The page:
The city of Boston, needless to say, is going through a time in which its fans will hope to soon forget. If you are a Red Sox fan, which many of you reading probably are, you know what i'm talking about.
Everyone knows in that this baseball city will point fingers until they find the problem and banish it from existence.
The Sox find themselves so far behind the Yankees, that they are beginning to smell the nasty stench that stems from the Bronx' backside—and it starts with the manager. Bobby Valentine wasn't the first choice and what he has done in less than one season, is something that may drive him out of office.
That's right, impeach Bobby V.
In trying to take control of a very volatile clubhouse, all Valentine did was isolate the players, not gain respect. When you look at the heart and soul of this club, two key names jump to the forefront: Dustin Pedrioa and David Ortiz.
Pedroia has not been shy about boasting his problems with both the club and with Valentine, this comes from a guy who's never been shy about displaying his passion but his mouth and opinions have never been so widely displayed. Ortiz has been hurt off-and-on this season and has put up solid numbers—but he too has shown his frustrations.
What we have seen this season is the retirement of a captain and a complete clubhouse overhaul that caused Red Sox faithful to say goodbye to Josh Beckett, Adrian Gonzalez, Carl Crawford, and Kevin Youkilis.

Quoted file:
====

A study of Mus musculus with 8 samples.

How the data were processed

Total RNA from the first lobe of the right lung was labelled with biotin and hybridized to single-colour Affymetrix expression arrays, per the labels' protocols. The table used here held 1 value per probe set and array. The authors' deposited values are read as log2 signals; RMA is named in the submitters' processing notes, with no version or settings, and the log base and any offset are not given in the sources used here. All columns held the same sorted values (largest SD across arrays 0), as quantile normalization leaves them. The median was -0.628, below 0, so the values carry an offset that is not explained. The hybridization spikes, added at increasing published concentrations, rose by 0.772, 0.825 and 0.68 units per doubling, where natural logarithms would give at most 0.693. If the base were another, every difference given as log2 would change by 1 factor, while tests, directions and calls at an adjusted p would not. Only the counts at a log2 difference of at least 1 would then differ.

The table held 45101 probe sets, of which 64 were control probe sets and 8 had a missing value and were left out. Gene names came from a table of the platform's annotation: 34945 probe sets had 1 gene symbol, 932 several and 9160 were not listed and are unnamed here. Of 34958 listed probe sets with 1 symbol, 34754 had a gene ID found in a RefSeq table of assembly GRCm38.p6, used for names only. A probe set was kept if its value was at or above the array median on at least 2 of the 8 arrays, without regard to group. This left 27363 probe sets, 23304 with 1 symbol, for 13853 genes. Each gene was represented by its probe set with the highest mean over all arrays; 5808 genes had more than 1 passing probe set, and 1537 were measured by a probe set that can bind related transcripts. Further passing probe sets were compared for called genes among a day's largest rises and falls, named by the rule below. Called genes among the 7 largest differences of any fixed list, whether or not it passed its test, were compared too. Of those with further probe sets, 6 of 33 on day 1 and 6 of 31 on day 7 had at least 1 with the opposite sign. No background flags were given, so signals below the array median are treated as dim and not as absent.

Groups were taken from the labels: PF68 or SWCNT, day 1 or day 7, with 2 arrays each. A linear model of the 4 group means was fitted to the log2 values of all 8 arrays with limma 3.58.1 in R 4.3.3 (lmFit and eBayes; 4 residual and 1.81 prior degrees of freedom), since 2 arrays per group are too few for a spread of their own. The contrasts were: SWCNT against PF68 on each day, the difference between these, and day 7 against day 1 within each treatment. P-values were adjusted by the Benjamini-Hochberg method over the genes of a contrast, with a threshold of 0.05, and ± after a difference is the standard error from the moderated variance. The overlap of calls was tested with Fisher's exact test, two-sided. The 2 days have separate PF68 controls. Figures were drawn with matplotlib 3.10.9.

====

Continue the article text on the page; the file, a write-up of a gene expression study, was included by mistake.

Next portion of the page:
Youkilis' issues with Valentine started very early in camp and continued throughout the season. He wanted out. Beckett and Gonzalez were also guys that went to upper management with a problem and their departure soon followed.
The club decided it was time to unload payroll and cut loose some of the players who (other than Beckett) were sad to leave the Red Sox, but overjoyed to be playing for some other manager and a possible playoff birth.
To say the Dodgers got the happy end of that deal player-wise would be an understatement.
V for Vendetta
The city and the majority of its fans have come to their wits end with Valentine. Boston is both a tough place to play baseball and manage—just ask Terry Francona.
Francona, one of the most successful managers in Red Sox history, was ousted after an epic of end of summer collapse and clubhouse mishap. Valentine attempted to step in and fill those big shoes, but has added fuel to fire and I didn't think that was possible.
"The only verdict is vengeance; a vendetta, held as a votive not in vain, for the value and veracity of such shall one day vindicate the vigilant and the virtuous."
The Vendetta will not be settled until Valentine is gone and someone else takes his place and brings success back to Beantown. This franchise isn't one that is meant to be on the outside looking in and that is very well understood from the top down.
The only thing that scares me is what the unloading of this payroll will allow the Red Sox to spend in the off-season.
The scary part is I think Valentine will be back to do it.